It revolves around three scientists who each discover evidence that leads them to conclude that a parallel universe exists. Before they can announce their findings to the world, they are dumped in the parallel universe by a sinister group (the SEAS) who has dominated it for the past century and left to fend for themselves. Fortunately for them, they manage to secure the trust of the natives, and so rally the inhabitants of the parallel world to rebel against the SEAS' rule.

This parallel world is inhabited by dinosaurs and other prehistoric animals, which the native tribes have managed to train as beasts of war. The Ninja Pirate Zombie Robot approach defines these and the other units in the game. It is possible to have a fight involving ninjas riding dinosaurs, vikings, and steampunk robots.

The game's most notable feature is the Army Controller, a panel on the left of the screen displaying every unit you control and what they are doing. While offering an incredibly convenient method of controlling units, the obscurity of the game means that it failed to be as revolutionary as the box touted.

Examples of Para World include:

  • Another Dimension
  • Anticlimax Boss: Babbit. As you have Ada at this point, you can use her headshot skill to rip off a giant chunk of his HP, making the final boss fight ridiculously easy. The Scorpion is a lesser example, given that you don't fight it directly.
  • Bamboo Technology: Done quite literally in the case of the Dragon Clan.
  • Captain Ersatz: Word of God says that James Warden is a Captain Ersatz of Darwin, and Taslow is a Captain Ersatz of Nikola Tesla. The same goes for Jarvis Babbit (Charles Babbage) and Heinrich Kleeman (Henrich Schliemann).
  • Chosen One: Not really.
  • Colour Coded Armies: You are always blue, the enemies are always red. This still holds in the boosterpack missions, even though you play as the normally red guys.
  • Did Not Do the Research: the characters mention that electricity does not exist in that world. However, since humans and everything else that has nerves practically runs on bioelectricity, this makes the claim dubious.
    • Fridge Brilliance: Maybe electricity doesn't necessarily exist as, well, electricity in Paraworld, after all, the game seems to make it clear magic exists, maybe Paraworld "magic" is actually their version of electricity.
  • The Dragon: Leighton.
  • Dull Surprise: Much of the voice acting, Stina in particular. This also applies to the 'acting' of the cinematics, most of which is generated with in-game models which don't do any expressions beside open and close their mouths and waving their hands around.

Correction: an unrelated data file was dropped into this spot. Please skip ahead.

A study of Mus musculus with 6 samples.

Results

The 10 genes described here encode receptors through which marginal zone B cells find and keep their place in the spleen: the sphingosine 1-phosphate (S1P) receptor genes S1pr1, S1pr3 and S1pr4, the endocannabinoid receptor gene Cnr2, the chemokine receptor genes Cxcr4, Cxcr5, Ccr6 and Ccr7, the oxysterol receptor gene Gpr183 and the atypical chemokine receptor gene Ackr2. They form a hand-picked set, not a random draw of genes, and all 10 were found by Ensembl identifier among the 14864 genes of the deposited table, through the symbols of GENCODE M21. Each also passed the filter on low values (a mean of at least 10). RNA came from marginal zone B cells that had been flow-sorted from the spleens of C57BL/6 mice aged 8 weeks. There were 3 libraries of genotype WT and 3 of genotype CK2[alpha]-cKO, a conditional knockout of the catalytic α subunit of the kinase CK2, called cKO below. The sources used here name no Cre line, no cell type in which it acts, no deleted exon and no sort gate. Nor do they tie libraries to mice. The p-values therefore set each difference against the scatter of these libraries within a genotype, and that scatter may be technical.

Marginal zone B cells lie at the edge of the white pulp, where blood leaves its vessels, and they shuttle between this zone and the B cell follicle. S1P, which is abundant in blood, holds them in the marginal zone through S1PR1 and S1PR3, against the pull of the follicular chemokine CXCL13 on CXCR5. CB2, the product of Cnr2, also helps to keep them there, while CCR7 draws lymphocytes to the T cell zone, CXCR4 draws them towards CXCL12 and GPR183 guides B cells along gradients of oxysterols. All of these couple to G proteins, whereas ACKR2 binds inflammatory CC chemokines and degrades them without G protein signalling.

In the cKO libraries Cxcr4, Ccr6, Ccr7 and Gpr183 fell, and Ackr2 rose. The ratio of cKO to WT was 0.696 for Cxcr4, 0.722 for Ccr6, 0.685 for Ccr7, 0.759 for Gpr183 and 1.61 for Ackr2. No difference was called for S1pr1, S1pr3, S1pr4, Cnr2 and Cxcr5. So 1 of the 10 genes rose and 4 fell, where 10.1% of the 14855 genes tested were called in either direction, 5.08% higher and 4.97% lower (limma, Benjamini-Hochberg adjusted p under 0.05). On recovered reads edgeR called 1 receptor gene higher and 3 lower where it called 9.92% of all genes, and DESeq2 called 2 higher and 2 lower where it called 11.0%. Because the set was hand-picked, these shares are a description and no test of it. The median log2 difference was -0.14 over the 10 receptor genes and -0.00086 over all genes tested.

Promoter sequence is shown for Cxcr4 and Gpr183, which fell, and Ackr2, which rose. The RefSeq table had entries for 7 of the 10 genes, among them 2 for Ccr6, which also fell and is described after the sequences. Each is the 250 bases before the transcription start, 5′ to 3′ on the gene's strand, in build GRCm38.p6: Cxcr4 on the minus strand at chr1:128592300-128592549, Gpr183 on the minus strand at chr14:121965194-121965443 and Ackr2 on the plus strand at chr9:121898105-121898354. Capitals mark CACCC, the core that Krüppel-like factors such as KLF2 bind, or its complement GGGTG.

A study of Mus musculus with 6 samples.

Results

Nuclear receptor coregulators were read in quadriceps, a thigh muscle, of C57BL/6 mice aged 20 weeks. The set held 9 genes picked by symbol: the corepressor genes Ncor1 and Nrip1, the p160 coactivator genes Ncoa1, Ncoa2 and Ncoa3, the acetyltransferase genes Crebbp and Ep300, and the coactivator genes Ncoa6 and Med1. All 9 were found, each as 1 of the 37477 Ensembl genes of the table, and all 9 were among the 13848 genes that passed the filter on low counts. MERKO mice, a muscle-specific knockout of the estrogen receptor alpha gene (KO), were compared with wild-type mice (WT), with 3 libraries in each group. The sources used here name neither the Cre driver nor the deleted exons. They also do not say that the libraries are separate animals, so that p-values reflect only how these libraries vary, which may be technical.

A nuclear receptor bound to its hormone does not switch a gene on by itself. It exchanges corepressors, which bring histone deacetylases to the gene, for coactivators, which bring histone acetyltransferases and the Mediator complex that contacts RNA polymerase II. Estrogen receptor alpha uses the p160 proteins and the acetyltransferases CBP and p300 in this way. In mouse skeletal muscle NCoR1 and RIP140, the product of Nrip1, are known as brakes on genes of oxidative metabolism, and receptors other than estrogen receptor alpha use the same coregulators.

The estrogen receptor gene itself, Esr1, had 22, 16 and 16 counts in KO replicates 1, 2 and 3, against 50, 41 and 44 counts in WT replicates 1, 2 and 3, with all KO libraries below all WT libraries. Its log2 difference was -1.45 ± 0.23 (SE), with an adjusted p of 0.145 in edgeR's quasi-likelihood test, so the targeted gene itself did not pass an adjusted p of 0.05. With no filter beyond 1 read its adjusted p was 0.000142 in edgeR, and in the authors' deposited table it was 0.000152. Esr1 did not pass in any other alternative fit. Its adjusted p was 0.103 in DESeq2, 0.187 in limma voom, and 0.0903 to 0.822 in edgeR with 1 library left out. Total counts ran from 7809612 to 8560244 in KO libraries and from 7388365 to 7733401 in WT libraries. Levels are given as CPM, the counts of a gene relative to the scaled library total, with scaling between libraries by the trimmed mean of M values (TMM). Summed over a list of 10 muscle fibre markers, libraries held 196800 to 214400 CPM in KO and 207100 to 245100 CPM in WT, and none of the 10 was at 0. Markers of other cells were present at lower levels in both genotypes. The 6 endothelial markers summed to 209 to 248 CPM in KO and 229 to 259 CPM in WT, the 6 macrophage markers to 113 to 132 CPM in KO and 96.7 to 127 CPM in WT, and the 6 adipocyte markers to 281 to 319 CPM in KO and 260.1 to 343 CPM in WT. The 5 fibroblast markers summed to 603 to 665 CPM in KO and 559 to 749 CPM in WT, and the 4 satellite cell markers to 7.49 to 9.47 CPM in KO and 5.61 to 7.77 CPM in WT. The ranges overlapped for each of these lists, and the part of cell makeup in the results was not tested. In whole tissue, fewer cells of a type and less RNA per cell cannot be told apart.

• Everything's Better with Dinosaurs
  • Fan Service: Stina...and most of the female characters, for that matter.
  • Fantasy Counterpart Culture: The Norsemen are European, the Dustriders are African/Middle Eastern, and the Dragon Clan are Asian.
  • Finishing Move: Most units have one, displayed if they kill an enemy. For example, an Allosaurus will tear apart a human warrior.
  • Hero Must Survive: An objective in some missions.
  • Lethal Lava Land: the Ashvalley setting.
  • Lost World
  • Ninja Pirate Zombie Robot: where to begin? Note that ninjas, pirates, zombies, and robots do all appear within the game. There are even ninja pirates and zombie Vikings.
  • Not Even Bothering with the Accent: Stina. Allegedly Swedish, sounds nothing of the sort. Some units don't have the same accents as the rest of their comrades do, and the Norsemen stand out as being Americans in a crowd of tribes who at least sound like their ethnicity.
  • Rock Beats Laser: Averted. Unfortunately, you are the guy with the rocks.
  • Scenery Porn: The levels are just beautiful.
  • Shout-Out: Multiple, mainly to Jurassic Park.
  • Spider Tank: Comes in both a regular and final boss version.
  • Steampunk
  • Stop Poking Me: All the units have annoy messages, some of which form entire comedy routines. They also show that the Stegosaurus hates to be confused with Kentrosaurus, and vice versa.
  • Somewhere a Paleontologist Is Crying: This game has dilophosauruses with frills that spit venom, and many raptors and other theropods without feathers, despite this game made way after such traits were known to exist.
  • Stock Dinosaurs: Strangely averted. The game goes as far as putting in Achelousaurus.
  • Stripperiffic: Most of the costumes of the female characters are designed to show off their breasts the most that the game dares to get away with. The Dust Rider women live this trope.
  • Tactical Rock-Paper-Scissors: There are four types: human, animal, machine, and building. Some units are more effective against others.
  • Tyrannosaurus Rex: Yes, this game has it. As one faction's elite unit, no less.
  • Units Not to Scale: Done most obviously with the dinosaurs, as some are not to scale with the people. This is particularly evident with the titan units, which are much bigger than the standard versions of their species.
  • Well-Intentioned Extremist: Babbit, if his final monologue is to believed. He wants to keep the parallel world a secret so that it isn't tarnished by the modern world. Considering that his course of action after failing to kill the heroes is to push the parallel world out of its orbit with a giant jet so that the gates don't open, his claims are somewhat dubious.
  • You Have Failed Me: Babbit's reaction to Ada failing to properly dispose of the heroes, leading to her subsequent Face Heel Turn.